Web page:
Monitoring and incorporating feedback at every level, from continuous compiling, to continuous integration, to retrospectives, to customer meetings, is a key to success. Choosing the length of the feedback loop can make or break the project.
In an attempt to bring together development on three related, but different, efforts we are employing some Agile Practices. Chief among the practices are Short Iterations, Feature Based Management, Planning Meetings, and Daily Stand-ups. Of the four projects, two are development, one is Operations and Maintenance (O&M) on the software delivered from the first 2, and the fourth is an O&M contract for maintaining system architecture and direction. Each is a separate government contract with different prime contractors. The teams are widely distributed around the world, from Hawaii, to Colorado, to Washington DC, to England. There are no reporting relationships between the contracts, no formal interfaces, and no contractual obligations. In order to make progress toward any goal, the hearts and minds of the other contractors must be won. The total number of people on the collective products is about 15.
After about 3 months things were coming together:
· All 4 efforts were on the same 6 week cycle
· Everyone was workingSingle integrated Product Backlog
· One development team doing Agile
o New development
o Continuous integration
o Automated Test
o 2 week iterations
o 2hr to 2 day features tracked in a cycle backlog
· Second Development team was Modified Agile
o Support for operational system
o Extensive new development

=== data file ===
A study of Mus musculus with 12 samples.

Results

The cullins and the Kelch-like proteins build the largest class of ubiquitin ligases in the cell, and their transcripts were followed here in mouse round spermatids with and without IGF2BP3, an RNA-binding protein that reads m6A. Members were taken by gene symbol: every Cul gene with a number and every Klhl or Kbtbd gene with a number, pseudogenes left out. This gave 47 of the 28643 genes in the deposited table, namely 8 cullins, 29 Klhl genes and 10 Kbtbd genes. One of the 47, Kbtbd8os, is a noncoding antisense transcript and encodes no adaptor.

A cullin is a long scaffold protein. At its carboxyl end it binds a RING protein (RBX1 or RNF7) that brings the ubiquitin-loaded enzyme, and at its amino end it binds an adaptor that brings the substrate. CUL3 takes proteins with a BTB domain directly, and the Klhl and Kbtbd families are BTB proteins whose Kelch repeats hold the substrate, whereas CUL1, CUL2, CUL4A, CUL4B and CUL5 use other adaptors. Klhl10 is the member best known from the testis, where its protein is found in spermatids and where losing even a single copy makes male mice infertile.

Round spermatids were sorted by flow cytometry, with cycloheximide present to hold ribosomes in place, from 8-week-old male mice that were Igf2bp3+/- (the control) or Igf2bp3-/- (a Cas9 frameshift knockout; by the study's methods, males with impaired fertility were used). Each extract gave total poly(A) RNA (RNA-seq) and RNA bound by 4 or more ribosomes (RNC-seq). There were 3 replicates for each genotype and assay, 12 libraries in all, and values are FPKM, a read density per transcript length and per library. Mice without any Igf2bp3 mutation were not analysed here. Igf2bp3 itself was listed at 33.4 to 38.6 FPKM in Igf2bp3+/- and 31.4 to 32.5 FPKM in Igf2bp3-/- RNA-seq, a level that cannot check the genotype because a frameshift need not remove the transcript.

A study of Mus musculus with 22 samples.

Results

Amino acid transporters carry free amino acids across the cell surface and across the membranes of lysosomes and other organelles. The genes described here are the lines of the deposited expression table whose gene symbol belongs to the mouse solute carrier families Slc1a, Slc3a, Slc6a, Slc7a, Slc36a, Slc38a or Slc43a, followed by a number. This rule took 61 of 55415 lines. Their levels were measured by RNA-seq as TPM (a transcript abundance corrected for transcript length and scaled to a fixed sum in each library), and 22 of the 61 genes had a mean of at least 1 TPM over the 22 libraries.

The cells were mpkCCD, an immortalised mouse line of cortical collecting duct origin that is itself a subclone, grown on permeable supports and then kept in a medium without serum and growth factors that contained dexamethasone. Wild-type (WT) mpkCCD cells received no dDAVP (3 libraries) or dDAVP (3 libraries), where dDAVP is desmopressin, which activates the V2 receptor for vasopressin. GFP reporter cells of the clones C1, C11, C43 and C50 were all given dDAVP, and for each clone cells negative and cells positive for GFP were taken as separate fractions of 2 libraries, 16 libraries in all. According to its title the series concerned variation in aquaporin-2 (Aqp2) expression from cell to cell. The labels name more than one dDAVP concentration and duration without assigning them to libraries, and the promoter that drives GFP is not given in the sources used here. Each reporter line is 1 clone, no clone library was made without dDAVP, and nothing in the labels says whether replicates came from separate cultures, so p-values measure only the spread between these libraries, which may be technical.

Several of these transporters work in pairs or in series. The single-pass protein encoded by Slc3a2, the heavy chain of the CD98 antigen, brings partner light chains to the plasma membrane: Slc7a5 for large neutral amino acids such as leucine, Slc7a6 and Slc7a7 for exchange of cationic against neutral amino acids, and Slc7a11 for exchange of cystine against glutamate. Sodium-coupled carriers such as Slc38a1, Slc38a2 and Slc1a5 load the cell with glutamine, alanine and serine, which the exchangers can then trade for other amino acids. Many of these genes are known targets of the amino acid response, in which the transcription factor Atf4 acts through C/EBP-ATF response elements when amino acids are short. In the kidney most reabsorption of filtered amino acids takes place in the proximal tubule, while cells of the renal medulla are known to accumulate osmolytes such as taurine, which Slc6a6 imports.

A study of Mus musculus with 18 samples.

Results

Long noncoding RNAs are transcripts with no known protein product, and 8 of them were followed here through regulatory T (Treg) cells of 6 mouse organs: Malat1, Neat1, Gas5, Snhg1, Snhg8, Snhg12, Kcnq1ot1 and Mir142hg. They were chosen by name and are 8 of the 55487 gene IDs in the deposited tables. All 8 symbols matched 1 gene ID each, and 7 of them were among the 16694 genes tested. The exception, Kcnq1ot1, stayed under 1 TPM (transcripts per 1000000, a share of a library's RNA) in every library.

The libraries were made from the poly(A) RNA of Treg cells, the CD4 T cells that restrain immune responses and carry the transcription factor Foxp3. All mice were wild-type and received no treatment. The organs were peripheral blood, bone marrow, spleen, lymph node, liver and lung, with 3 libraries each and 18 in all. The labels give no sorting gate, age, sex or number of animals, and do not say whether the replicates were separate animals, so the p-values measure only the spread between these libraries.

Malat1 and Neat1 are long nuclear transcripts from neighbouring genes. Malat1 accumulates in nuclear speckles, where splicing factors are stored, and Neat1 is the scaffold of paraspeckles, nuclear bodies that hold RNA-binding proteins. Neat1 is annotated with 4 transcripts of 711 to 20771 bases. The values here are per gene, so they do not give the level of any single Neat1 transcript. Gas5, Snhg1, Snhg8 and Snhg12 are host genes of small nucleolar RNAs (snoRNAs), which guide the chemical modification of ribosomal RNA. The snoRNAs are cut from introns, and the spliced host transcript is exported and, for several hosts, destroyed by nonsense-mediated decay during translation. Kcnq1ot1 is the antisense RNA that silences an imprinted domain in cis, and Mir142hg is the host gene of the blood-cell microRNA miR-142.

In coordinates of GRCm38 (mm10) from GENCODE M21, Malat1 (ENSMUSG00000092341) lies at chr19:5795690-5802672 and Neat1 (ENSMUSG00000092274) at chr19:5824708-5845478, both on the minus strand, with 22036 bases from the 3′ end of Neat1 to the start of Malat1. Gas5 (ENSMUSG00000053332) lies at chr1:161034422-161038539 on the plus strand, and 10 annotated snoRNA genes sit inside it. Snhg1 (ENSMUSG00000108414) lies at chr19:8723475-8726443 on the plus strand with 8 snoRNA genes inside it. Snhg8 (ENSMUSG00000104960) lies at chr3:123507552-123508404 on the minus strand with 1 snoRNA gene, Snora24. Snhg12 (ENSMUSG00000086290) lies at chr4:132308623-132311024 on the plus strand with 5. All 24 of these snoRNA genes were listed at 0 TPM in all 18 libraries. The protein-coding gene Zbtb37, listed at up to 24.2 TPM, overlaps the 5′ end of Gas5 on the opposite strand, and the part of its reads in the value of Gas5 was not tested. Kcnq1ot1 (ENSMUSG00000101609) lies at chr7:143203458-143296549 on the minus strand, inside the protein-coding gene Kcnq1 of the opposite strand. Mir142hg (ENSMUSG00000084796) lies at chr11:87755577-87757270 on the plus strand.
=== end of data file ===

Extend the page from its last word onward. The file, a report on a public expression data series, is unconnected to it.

o Co-located with users
o Daily deployments to a test network for user feedback
· O&M working 2 week tasks
o System and Database Administration
· System Architecture team working coordination and prioritization
o Gathering customer input on needs and priorities
o Designing Infrastructure Architecture
o Guiding Software Architecture and Development
But after about 3 more months:
· Stand-ups were not providing value
· Design working meetings were not happening
· Backlogs were not being managed
· “What to do next” was not being articulated
· Long term goals were not being communicated
And – great software was still being produced, and operational systems were operational!
So, here is what we did:
· Suspended daily stand ups – A well architected project/system should minimize dependencies
o Each team communicated as needed – cross team coordination was minimized by the separate missions, so daily meetings were not necessary for the developers
o Teams continued development with successful practices including Continuous Integration, Automated Test, Feature Driven Development, and Planning Meetings.
o Re-emphasized one-on-one communications instead of stand-ups.
· Established development design meetings
o Where common code and frameworks were necessary, the teams needed to work together. These were low level technical meetings, not 15 minute updates.
o Oversight team facilitated the first few meetings. Multi-time zone design meetings can be difficult, especially when some of the team members have never met face to face.
· System Architecture team meetings with teams and individuals
o Continued to meet with customer to gather input
o Managing backlogs
o Communicating direction to development team
The Feedback loop is key. As with everything new or different, it takes a while for Agile practices to settle in and become productive. Sufficient time must be given to ensure the break-in period happens, and then the feedback can be incorporated.
Using Stand-ups when they are not indicated does not make you Agile.
Abandoning Stand-ups after a few days doesn’t make sense;
Valuing communication, even in the absence of Stand-ups, does.